Intelligent agent makes Internet research simple

Try asking an Internet search engine 'Who is the band from Liverpool?' and you might get 1140 documents that mention 'Who', 445 documents that mention 'Band' and 754 documents that mention 'Liverpool'.

Try asking an Internet search engine "Who is the band from Liverpool?" and you might get 1140 documents that mention "Who", 445 documents that mention "Band" and 754 documents that mention "Liverpool". And when you have read the 2339 documents you may figure out that the most famous band from Liverpool is the Beatles.

A British artificial intelligence company has created a program that not only understands such a natural-language query, but comes back with documents mentioning the Beatles within a couple of minutes.

Autonomy Software Systems began beta testing its AutoNomy Intelligent Agent program (available on www.agentware.com) last week. The product uses pattern analysis to mine vast amounts of information on the Internet and can be activated by a natural-language query. It is based on a technology called the Dynamic Reasoning Engine (DRE), which was developed for the British Police and Intelligence community by Autonomy's parent company, Cambridge Neurodynamics (CN), for pattern recognition and finger-print analysis.

However, last month Autonomy Software Systems was launched as a separate company, valued at £30 million. AutoNomy Intelligent Agent, priced at £100, will be launched in September and will be targeted at home users. The package will include a Press Agent feature that will compile a daily newspaper based on user criteria.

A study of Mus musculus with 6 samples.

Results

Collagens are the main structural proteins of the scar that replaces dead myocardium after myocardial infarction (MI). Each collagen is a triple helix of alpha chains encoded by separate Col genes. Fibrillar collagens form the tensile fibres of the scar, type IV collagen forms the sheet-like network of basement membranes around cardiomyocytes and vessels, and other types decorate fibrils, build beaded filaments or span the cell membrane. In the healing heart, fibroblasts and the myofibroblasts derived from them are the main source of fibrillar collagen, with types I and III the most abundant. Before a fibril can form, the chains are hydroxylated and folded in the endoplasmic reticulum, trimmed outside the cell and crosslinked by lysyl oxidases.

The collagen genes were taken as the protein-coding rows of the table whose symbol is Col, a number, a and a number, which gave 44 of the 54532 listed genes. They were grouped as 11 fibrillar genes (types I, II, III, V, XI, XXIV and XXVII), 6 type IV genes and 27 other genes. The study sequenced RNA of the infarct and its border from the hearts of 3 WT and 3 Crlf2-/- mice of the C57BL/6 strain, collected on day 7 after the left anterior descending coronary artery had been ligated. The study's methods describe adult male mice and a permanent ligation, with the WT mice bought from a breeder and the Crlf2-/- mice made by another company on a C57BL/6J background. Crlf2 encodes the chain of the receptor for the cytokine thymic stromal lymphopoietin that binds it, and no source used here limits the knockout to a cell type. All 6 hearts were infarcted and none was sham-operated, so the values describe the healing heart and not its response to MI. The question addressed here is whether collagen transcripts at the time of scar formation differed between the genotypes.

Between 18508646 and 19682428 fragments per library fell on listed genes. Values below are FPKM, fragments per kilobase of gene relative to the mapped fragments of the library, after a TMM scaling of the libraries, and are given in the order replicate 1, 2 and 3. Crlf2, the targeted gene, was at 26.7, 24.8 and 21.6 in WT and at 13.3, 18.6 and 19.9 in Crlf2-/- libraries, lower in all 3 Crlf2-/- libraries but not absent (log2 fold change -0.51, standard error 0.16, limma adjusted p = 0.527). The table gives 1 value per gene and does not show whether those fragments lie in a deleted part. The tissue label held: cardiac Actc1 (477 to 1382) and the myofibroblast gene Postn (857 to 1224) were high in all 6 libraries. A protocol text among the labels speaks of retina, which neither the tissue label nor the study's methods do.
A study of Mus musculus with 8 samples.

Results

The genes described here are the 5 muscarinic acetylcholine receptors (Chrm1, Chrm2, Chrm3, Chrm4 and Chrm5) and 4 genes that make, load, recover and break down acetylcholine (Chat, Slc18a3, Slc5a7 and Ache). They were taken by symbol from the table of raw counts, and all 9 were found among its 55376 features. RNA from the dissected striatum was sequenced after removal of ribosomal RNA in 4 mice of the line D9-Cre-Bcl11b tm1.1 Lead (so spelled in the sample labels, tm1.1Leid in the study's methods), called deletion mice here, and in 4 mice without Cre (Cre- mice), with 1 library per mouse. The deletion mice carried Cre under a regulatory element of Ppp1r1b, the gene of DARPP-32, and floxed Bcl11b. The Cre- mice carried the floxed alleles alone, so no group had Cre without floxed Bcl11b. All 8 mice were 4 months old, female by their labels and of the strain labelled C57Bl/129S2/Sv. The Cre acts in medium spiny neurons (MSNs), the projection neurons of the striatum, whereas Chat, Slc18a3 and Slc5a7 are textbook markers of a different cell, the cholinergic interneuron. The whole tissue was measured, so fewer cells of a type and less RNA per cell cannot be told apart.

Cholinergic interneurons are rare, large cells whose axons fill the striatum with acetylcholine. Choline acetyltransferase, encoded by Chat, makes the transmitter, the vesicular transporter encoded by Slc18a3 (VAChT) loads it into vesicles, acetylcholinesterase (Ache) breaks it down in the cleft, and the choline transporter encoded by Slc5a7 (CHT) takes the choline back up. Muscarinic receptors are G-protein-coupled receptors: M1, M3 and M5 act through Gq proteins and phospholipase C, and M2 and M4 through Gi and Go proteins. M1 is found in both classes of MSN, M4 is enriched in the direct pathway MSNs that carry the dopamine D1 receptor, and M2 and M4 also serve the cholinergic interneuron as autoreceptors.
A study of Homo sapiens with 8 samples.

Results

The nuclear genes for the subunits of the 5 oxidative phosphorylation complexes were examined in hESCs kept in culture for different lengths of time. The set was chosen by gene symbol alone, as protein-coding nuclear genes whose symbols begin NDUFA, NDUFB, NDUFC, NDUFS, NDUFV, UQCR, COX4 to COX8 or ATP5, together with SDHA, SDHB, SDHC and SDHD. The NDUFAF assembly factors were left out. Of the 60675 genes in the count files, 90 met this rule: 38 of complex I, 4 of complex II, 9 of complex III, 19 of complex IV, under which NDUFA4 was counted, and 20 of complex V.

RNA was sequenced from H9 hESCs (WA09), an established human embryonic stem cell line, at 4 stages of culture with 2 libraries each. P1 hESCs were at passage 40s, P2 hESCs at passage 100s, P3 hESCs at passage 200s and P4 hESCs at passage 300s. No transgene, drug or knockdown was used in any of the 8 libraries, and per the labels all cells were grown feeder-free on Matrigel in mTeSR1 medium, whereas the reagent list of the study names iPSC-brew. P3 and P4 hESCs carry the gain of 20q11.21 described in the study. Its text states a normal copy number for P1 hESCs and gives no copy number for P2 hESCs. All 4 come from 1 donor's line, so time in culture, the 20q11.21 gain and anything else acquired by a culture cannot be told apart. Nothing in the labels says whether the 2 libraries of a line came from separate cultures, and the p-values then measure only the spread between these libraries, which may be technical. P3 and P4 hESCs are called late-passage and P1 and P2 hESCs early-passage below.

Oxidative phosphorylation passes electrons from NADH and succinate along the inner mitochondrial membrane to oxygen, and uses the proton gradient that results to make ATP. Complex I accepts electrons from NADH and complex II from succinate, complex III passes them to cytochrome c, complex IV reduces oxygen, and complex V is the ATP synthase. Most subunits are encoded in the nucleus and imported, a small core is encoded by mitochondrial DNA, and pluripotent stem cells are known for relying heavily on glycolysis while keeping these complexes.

A Mail Agent feature reads the contents of the user's e-mail and prioritizes important messages, while a Guardian Agent screens out information that the user deems offensive or irrelevant. An Intelligent Agent feature can be used for general data retrieval. AutoNomy's real strength is the ability to use pattern recognition techniques to filter vast amounts of data in order to retrieve useful information. The product's usefulness is that it learns as it goes, officials say.

In any one search the agent will screen about 1000 documents in about 10 minutes, selecting the most relevant documents for the user. Based on which documents the user indicates to be valuable, it can then be relaunched to perform a more refined search. "This difference between us and other intelligent agent companies is that this is available now," says Mike Lynch, managing director of Autonomy in Cambridge, England.

"We are not announcing intentions or vapourware and if you can write in English then you can use AutoNomy. You don't have to be a C++ programmer," he says. Autonomy also offers AgentWorld, an Internet service hosted by the company. Through the AgentWorld service, agents can exchange information. For instance, users requiring information on a particular topic can send agents to AgentWorld to see if anybody else has an agent trained on that topic.

"The idea for AgentWorld came from our Alpha testing program," says Michael Woodley, technical manager of Autonomy. "We found that the alpha testers were exchanging agents so we decided to launch the service," he says. AgentWorld will also help the user with leisure-time activities by offering a dating center. Users can train their agents to find a partner by giving the agents information on themselves as well as their interests.

Autonomy Software Systems can be contacted on the Web at http://www.agentware.com.